You just got that phone call from your loan officer a few moments ago and you're heartsick. You didn't qualify for the house you really wanted.
Yes, you knew it was a bit of a reach but sometimes emotions can get pretty strong when you find your dream home. The loan officer said your debt ratios were just a little too high. Perhaps you should find a smaller home, he said.
But you know something: Unless your income is cut and dried, you know, the monthly salary thing, it's possible that your loan officer made a mistake when calculating your income.
First, let's all understand that when calculating debt ratios lenders use your "gross" monthly income. Gross income is income before any deductions like taxes or insurance are taken. If you're wanting to get pre-qualified and the loan officer asks you how much you make, make sure you're giving them the correct amount. If you declare your after-tax income you'll be hurting your qualifying efforts. Yes, most loan officers know this, but sometimes they'll forget to ask.
Second, when calculating your total debt ratio, usually only installment, revolving and support payments are used, along with your new home's principal, interest, tax and insurance amounts (PITI). Another common mistake is including such things as utility bills or groceries in the total debt amount, so don't include those items.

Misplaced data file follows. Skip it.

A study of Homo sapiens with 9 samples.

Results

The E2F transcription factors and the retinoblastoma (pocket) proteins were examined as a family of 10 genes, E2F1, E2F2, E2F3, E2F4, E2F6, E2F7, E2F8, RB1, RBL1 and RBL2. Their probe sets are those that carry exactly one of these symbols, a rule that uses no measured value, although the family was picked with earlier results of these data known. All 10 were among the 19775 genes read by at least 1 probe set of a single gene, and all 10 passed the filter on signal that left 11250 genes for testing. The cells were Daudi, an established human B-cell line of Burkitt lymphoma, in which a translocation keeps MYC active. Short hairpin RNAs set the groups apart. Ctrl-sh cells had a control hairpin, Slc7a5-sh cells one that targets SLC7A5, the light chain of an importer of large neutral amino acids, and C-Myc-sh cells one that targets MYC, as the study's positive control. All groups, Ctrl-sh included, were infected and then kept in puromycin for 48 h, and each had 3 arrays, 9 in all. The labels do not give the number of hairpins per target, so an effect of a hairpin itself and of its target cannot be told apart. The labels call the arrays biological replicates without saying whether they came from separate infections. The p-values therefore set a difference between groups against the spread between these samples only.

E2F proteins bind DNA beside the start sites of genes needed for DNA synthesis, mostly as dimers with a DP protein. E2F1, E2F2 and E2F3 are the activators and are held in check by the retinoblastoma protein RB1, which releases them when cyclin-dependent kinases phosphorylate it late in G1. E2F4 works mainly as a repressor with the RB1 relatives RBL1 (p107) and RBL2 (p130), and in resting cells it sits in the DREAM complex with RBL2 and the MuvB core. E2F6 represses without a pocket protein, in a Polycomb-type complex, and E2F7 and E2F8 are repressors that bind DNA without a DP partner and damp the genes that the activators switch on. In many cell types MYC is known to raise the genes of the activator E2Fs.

A common income distortion occurs when people get paid every other week instead of twice per month.
This is understandable. Sometimes when asked how much do you make every month it's easy to think "two paychecks" each month. And for those who get paid on the 15th and 30th of the month that's pretty much correct, but if you get paid every other week you may be harming yourself.
If you get paid that way, say every other Friday, you should take your gross paycheck and multiply it by 26 (every other week for the entire year) then divide by 12 to get your monthly figure. Again, your lender should ask this, but remember to bring it up if this is you.
Do you get paid by the hour? Do you also get overtime? Lenders will calculate your monthly income by taking your weekly forty-hour gross pay, multiply that amount by 52 then divide by 12. Lots of folks who get paid by the hour also get overtime, but most guidelines for using overtime require that you have at least a two year history of overtime and also that your employer indicates that overtime is possible or likely. If you get overtime, remember to include that money when disclosing your income.
Do you get any non-taxable income every month? Many disability payments, housing allowances and other non-taxed income may be "grossed up" when calculating monthly income. If you receive $500 per month in disability benefits for example, for qualification purposes many lenders will multiply that amount by another 25% or so -- meaning for qualification purposes you have $625. Because debt ratios are calculated using before tax income, any non-taxable income must be adjusted upward to arrive at a consistent amount.
Remember, it's your money, you've earned it. Make sure your lender is looking in absolutely every nook and cranny to get you correctly qualified.